Maple Leafs win Babcock sweepstakes

Brendan Shanahan and the Toronto Maple Leafs swung for the fences and landed the biggest free agent of the NHL off-season. It’s not a franchise cornerstone defenceman or a No. 1 centre but highly sought after coach Mike Babcock, who had his pick of jobs and chose the Leafs on an eight year contract worth $50 million.

TORONTO — Brendan Shanahan and the Toronto Maple Leafs swung for the fences and landed the biggest free agent of the NHL off-season.

It’s not a franchise cornerstone defenceman or a No. 1 centre but highly sought after coach Mike Babcock, who had his pick of jobs and chose the Leafs on an eight year contract worth $50 million.

“I’m proud of Shanny, I’m proud that he dreamt big,” Maple Leaf Sports & Entertainment president and CEO Tim Leiweke said. “He got the big whale.”

It took a bidding war, and the Leafs won it. Babcock had no shortage of suitors, from Detroit, where he coached for the past 10 years, to Buffalo and San Jose. The man considered the top hockey coach in the world now has a deal that makes him the highest-paid coach in the league.

The coach from Saskatoon will reportedly receive a large signing bonus and make between US$5 million and $6 million per season, well above the $3.5 million Joel Quenneville of Chicago Blackhawks pulls in annually. Babcock joins a Leafs team that has missed the playoffs nine of the past 10 seasons.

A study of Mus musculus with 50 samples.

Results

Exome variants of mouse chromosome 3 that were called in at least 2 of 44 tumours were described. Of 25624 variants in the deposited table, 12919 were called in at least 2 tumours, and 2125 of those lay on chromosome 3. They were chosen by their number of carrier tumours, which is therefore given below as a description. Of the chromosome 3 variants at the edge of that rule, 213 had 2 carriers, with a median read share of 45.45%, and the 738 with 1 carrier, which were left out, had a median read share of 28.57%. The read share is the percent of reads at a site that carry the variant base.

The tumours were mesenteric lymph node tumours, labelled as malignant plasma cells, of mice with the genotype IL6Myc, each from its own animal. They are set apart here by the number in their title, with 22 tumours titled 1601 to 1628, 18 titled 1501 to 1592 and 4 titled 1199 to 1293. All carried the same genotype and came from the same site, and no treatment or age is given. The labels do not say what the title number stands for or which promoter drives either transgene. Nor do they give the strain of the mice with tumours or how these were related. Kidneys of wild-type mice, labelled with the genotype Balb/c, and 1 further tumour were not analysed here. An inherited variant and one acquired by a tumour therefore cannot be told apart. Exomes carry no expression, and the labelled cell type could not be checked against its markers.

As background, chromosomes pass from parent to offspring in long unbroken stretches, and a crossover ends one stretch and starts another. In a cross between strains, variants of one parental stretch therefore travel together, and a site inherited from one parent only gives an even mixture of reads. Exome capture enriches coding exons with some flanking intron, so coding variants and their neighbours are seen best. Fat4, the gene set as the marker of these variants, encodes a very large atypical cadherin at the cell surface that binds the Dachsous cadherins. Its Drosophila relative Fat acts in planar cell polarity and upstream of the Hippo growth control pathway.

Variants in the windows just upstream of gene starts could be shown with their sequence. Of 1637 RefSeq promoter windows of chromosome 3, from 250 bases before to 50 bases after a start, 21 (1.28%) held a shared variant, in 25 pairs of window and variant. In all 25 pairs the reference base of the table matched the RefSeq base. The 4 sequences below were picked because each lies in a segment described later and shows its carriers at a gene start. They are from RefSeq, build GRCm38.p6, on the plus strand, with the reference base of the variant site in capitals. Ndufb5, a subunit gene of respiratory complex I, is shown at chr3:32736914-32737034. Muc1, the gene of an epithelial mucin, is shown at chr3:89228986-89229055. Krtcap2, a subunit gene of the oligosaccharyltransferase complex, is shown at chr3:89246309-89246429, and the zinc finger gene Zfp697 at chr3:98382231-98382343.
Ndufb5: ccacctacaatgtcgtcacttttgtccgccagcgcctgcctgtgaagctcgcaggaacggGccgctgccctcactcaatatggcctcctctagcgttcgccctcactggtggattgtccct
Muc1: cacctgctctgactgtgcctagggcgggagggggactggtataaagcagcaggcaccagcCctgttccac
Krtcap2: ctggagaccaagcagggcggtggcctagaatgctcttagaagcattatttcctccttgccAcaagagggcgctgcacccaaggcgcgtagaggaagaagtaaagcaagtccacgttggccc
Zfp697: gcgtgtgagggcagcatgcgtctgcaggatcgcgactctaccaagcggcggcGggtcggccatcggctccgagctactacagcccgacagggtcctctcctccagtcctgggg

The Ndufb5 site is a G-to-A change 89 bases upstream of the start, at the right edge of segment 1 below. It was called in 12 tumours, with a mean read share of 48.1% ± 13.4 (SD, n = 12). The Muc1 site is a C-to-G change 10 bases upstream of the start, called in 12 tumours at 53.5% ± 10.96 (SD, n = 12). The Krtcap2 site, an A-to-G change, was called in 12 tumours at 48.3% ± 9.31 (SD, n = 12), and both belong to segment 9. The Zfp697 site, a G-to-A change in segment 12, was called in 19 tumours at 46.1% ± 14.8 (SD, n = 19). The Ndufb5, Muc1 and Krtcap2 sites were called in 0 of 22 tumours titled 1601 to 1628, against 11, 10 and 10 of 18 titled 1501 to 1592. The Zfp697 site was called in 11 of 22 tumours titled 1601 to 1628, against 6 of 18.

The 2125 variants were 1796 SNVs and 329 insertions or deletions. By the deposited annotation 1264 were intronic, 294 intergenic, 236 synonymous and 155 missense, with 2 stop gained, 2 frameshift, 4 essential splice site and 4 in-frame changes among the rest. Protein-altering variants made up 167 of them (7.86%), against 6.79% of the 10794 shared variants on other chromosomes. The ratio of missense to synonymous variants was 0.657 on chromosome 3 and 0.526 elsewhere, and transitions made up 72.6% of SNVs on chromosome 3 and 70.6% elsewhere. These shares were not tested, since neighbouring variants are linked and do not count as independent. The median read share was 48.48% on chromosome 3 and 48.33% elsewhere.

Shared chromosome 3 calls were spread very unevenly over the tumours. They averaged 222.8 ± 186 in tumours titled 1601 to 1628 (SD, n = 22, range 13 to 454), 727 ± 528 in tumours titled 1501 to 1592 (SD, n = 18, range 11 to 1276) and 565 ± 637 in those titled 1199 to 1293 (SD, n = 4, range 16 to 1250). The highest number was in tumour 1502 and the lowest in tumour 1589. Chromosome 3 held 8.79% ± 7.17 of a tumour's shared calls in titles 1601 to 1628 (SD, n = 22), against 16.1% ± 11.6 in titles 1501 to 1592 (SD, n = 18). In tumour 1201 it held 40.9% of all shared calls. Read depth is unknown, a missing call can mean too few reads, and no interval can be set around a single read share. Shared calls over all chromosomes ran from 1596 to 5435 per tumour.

Toronto will send a third-round pick to the Red Wings as compensation for Babcock.

Landing Babcock is a major coup for Shanahan, who in the past 13 months since taking over as president has fired general manager Dave Nonis, coach Randy Carlyle, interim Peter Horachek and several assistants and scouts.

“I know there were people that ultimately questioned whether or not Brendan would come in here and ultimately be a great president,” Leiweke said during a news conference announcing the sale of the CFL’s Toronto Argonauts at BMO Field. “You have to give him a lot of credit. This is a vision he had early on.”

Babcock won a Stanley Cup with Detroit in 2008, went to the final in 2003 with Anaheim and in 2009 with the Red Wings and captured two Olympic gold medals for Canada.

With his contract up, the 52-year-old had his pick of staying in Detroit or choosing a new challenge.